Making the Grades
Four hundred years in the future, the existence of the human species is hanging by a thread. And only one woman--who has a penchant for skin-tight outfits and supreme yoga positions--is able to put things right. Aeon Flux (Charlize Theron) is a tough rebel-fighting woman who can handle multiple attackers, while at the same time maintaining a low profile existence in what is supposedly the last city on Earth.
After a viral plague wiped out most of the world's population in 2011, Trevor and Oren Goodchild (Marton Csokas and Jonny Lee Miller) designed the community. Called Bregna, the sibling scientists built a protective perimeter wall and populated the fortress with the few remaining humans. Here they have lived their lives for the last seven generations in what appears to be idyllic circumstances. But like most sci-fi films, things aren't always as wonderful as they appear.
Referred to as the "Goodchild Regime," the government is seen as responsible for the mysterious disappearances of many people, along with other--not clearly explained--strange happenings. Says Aeon, "We have traded our freedoms in exchange for a gilded cage." Hoping to find a way to change the oppressive controls, she is a top operative in an underground resistance group known as the Monicans. But her methods become more radical after heavy-handed forces take her sister's life. Now motivated to kill, she is given a very important job: Assassinate Trevor Goodchild.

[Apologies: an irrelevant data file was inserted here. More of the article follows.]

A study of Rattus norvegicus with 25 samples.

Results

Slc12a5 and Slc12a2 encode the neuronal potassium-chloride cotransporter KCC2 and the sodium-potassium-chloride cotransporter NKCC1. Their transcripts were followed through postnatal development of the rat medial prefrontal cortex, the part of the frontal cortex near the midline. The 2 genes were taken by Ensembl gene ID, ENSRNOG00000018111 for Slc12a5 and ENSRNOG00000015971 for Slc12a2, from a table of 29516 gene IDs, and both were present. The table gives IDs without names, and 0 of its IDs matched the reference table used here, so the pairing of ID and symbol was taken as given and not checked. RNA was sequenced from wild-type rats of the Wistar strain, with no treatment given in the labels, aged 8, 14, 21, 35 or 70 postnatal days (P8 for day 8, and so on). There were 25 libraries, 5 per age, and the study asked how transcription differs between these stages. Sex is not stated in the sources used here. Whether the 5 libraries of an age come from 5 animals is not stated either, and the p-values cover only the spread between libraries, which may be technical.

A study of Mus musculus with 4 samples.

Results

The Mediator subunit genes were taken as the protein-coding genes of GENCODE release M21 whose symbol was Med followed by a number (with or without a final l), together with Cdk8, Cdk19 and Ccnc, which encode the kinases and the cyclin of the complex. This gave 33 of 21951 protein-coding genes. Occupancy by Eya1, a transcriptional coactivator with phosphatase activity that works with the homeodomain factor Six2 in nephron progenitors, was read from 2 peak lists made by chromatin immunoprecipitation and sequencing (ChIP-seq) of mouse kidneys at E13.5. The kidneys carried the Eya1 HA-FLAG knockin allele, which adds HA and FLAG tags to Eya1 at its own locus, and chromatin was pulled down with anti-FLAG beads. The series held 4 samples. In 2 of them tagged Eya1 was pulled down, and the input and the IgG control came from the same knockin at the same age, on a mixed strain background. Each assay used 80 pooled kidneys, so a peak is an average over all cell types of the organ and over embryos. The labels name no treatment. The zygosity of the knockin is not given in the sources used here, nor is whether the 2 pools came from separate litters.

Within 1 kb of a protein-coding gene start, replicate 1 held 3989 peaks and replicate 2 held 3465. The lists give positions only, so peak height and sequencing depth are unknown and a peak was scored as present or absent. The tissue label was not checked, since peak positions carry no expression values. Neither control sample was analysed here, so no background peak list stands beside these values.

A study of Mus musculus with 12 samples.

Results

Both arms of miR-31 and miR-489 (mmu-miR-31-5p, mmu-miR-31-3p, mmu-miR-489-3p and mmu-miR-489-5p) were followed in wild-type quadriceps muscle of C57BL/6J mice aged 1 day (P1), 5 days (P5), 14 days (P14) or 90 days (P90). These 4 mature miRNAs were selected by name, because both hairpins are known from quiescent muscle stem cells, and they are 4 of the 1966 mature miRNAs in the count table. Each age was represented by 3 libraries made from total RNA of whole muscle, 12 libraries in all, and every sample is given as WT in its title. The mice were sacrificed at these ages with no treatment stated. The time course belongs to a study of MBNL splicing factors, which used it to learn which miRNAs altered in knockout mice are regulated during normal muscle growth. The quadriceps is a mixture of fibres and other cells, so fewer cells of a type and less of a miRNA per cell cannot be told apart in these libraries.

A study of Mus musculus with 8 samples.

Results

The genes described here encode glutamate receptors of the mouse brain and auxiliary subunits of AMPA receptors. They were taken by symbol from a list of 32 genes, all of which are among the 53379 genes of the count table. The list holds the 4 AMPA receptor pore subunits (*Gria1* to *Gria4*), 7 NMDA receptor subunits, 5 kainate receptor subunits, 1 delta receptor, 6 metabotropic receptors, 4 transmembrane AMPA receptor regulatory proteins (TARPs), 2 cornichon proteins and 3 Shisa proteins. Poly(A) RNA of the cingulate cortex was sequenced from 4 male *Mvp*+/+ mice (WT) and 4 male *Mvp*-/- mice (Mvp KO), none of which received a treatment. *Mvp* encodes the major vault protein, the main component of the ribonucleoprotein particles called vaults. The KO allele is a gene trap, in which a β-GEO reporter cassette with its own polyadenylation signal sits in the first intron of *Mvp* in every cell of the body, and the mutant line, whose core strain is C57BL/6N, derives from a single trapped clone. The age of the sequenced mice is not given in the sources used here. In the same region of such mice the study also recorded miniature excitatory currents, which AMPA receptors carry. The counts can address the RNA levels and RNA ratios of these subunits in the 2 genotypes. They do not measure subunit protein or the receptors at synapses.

Oozing with girl-power, this movie (based on a series of animated shorts that originated fifteen years ago on MTV) appears to be a stretch for Theron... and her costumes. With barely a lick of humor during its 90-minute running time, the flexible female struts her stuff with the same expression on her face in every frame. Hanging the entire production on her shoulders, it's no wonder her performance sometimes comes up a little short. The script isn't much help either. Although it offers a couple of nice surprise turns, it also suffers from some major holes that make it difficult to buy into the premise.
Nonetheless, teens will likely be wowed by Theron's tough sexy image, which is given ample screen time as she snakes her body through various security barriers and other obstacles. She finds time for a couple of sexual encounters as well, which portray some back nudity. However, violent content is the biggest concern with dozens of people being shot, attacked in hand-to-hand combat, and killed with falling debris. Bloodied wounds are seen at various times, and Aeon shows off her surgical skills when she uses her fingers to dig bullets out of another person.
Questing the idea of immortality versus the inevitability of death, Aeon Flux does present some points to ponder. Yet with most of the film focusing on Theron doing her best to be an action superhero, there is just a little too much flux and not enough solid material.
Discussion Ideas After The Movie
Teaching ideas and topics to discuss about Aeon Flux.
Which would you choose, living on Earth forever or dieing of natural causes? What are some of the advantages and disadvantages of the reality of mortality?
In the movie, Trevor Goodchild is motivated to do what is right for the population, even though it means deceiving the people. Is a government justified in withholding truth, even if it feels it is in the best interest of its citizens?